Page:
What? Use a focus group for novels? Why not! Marketers use focus groups. So can authors, I say. And I did. Let’s back up a bit. We write for readers, right? And we write because we love it but we also want readers to enjoy our work. I’ve worked in marketing for 25 years in banking and healthcare and decided to take advantage of my marketing background before my debut novel, THURSDAYS AT COCONUTS, was published. Call me Nervous Nelly but I wanted feedback before submitting my novel to agents and editors.
First, I invited a group of ten girlfriends to my house. I ordered pizza and plastered (I mean served) them wine. Then, I explained the premise behind my women’s fiction laced with romance, humor, and suspense. I told them I valued their advice as readers and had sample chapters for them to read. They were excited. EXCITED.
I distributed typewritten chapters introducing my three main characters–Suzy, Alex, and Hope. I explained Suzy is a wedding planner who deals with neurotic brides but can’t find her own wedded bliss. Then, they “met” Alexandra (aka Alex) who is a career-driven bank marketer who gets involved quite by accident with a sexy, possibly bad-boy cop (who happens to be married). Finally, I introduced Hope, a high school counselor who hates her name, hair, and looks–and is driven nearly mad by her stuck-in-the seventies hippie parents. I also gave them another chapter including the hippies but made sure I didn’t have spoilers.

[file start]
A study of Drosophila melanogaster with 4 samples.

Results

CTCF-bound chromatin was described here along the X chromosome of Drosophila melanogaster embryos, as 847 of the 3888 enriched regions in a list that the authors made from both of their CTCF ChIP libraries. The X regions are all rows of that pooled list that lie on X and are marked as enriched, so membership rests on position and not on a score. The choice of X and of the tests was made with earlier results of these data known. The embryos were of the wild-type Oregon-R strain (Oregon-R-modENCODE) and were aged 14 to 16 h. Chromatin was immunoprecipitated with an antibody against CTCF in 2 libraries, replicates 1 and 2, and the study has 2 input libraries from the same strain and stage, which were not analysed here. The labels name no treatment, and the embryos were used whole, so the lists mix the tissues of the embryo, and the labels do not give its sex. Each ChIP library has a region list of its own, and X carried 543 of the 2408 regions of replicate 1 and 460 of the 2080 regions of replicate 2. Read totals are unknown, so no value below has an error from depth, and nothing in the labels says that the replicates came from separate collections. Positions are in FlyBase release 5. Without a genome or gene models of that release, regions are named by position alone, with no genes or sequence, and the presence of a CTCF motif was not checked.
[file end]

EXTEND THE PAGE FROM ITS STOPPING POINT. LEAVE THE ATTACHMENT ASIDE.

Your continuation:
I paced the floor while they read the chapters and passed them to one another like good students. I agonized when it was too quiet and nearly jumped up and down every time one of them laughed. They like it, I thought. Every author is insecure and we crave feedback. After they were finished reading, we discussed my novel, then titled “THE GIRLS” and I asked them to fill out an anonymous survey asking everything from voting on the title (THURSDAYS AT COCONUTS won by a sliver, thank goodness!) and I also asked questions ranging from character likeability, if the hook made them want to keep reading, settings, and much more. It was a fun-filled evening and they took it seriously. We also had fun eating pizza, drinking wine, and talking about reading and writing.
As promised, I mentioned my focus group readers in the “Acknowledgements” section when THURSDAYS AT COCONUTS was published by Soul Mate Publishing less than a year ago. That was their payment other than the food and drink and they loved it! I encourage you to use a focus group. You’ll receive great feedback and your friends will be honored you asked for their advice. Try it!